Food choices can fight or promote inflammation. And although reaching for a pill may help quell a headache or arthritic flare-up, they won’t do the job in preventing heart disease, type-2 diabetes, or future flare-ups.
To get those anti-inflammatory benefits, your best bet might be an anti-inflammatory diet.
Chronic low-grade inflammation is associated with a host of chronic medical conditions including heart disease, type-2 diabetes, rheumatoid arthritis, and dementia. Plenty of research has shown diet contributes to these illnesses and food is a leading source of inflammation.
By now, you’re likely aware of the culprits: processed foods, refined grains, sugary beverages, trans-fat, processed meat, fast food, and certain cooking oils and margarine.
On the other hand, you probably know that minimally or unprocessed nutrients and antioxidant-rich foods can limit inflammation and reduce the risk of chronic illness.
But how do you translate that information into your life? By keeping these things in mind:
- Focus on building meals using fresh and simple ingredients.
- Make colorful fruits and vegetables prominent in meals and as snacks (leafy greens, tomato, berries, apples, etc.).
- Replace refined “snack foods” with nuts, fruits, seeds, and vegetables.
- Try including fatty fish like salmon or ahi tuna into your meal plan at least two nights per week.
- Select whole-grain versions of bread and pasta over refined “white” options.
- Avoid sugary beverages like soda, sweet tea, “specialty” coffee drinks, etc. Supplement them with sparkling water, carbonated water, unsweetened tea, and coffee.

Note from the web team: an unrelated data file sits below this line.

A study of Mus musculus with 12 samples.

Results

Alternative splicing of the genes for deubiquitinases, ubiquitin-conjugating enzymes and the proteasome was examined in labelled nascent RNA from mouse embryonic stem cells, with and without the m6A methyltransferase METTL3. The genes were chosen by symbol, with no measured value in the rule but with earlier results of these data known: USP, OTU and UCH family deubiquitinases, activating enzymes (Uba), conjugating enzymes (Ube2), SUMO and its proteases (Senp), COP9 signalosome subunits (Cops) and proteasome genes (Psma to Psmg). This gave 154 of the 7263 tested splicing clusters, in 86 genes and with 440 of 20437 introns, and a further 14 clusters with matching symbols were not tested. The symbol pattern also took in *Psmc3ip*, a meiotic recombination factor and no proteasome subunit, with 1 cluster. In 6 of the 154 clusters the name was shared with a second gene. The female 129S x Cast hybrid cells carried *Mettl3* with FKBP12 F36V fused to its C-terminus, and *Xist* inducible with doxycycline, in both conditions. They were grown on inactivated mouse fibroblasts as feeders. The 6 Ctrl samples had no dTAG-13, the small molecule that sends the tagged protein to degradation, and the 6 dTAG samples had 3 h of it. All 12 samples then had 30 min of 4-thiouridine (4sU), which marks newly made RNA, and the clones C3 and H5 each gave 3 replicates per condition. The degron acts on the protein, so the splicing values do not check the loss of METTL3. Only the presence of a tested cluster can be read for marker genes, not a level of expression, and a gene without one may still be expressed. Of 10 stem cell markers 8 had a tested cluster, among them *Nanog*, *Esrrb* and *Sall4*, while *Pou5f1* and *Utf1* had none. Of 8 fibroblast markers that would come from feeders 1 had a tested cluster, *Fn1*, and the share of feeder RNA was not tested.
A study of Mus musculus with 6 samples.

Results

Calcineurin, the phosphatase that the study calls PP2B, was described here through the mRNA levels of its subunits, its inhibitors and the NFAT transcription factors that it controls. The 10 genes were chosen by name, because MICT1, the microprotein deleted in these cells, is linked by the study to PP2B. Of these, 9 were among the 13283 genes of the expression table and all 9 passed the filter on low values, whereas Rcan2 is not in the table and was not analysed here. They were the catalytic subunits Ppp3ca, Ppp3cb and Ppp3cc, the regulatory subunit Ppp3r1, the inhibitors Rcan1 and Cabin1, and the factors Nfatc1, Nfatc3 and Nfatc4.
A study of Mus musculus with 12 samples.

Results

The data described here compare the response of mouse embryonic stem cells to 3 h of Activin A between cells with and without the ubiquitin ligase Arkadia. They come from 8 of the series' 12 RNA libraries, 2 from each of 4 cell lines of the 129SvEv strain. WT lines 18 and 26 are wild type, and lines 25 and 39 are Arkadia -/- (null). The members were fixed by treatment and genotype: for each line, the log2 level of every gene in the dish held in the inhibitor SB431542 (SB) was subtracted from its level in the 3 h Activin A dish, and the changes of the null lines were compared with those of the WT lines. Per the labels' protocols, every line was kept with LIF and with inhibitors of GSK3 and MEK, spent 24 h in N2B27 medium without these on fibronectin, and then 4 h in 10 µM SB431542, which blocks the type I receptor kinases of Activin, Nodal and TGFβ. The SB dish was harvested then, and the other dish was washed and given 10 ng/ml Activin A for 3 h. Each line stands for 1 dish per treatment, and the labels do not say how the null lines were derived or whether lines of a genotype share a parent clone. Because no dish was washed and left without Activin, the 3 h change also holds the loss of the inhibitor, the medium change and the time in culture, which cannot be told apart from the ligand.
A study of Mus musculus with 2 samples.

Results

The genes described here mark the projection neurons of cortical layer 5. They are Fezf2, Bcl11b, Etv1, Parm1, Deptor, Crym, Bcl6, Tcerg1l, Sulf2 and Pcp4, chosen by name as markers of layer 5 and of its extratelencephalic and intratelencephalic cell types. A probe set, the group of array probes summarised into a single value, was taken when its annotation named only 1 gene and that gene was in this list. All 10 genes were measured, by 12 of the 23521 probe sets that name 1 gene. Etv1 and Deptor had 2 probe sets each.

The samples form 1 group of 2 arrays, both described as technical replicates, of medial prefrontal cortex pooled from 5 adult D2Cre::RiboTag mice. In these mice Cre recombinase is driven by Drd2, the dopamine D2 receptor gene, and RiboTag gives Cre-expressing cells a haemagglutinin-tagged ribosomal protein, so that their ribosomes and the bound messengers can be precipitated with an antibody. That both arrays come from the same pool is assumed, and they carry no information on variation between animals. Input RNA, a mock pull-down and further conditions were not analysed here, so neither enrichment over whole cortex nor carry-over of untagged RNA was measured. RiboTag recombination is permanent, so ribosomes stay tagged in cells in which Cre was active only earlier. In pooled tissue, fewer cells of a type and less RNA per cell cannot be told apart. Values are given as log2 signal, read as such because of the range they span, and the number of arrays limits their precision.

- Find ways to supplement beans and legumes into meals, on occasion. Legumes like these can be used in burgers, chili, and more.
- Avoid cooking with butter, margarine, soybean, vegetables, or coconut oil. Instead, use olive oil. Using olive oil as salad dressing is also recommended.
- Try to eat as many colors of food (naturally) as possible. Berries, cherries, apples, broccoli, kale, oranges, etc.
- Read ingredient labels carefully and minimize the intake of food with long ingredient lists, and those featuring words like “high fructose corn syrup, sugar, hydrogenated, or any word ending in -ose”
Healthy fats, fruits and vegetables, nuts, seeds, legumes, whole grains, and unprocessed meat should be the centerpieces of the anti-inflammatory diet. These items can reduce inflammation and lower the risk of a host of common chronic illnesses.
This practical guide can help protect your health by silencing systemic inflammation.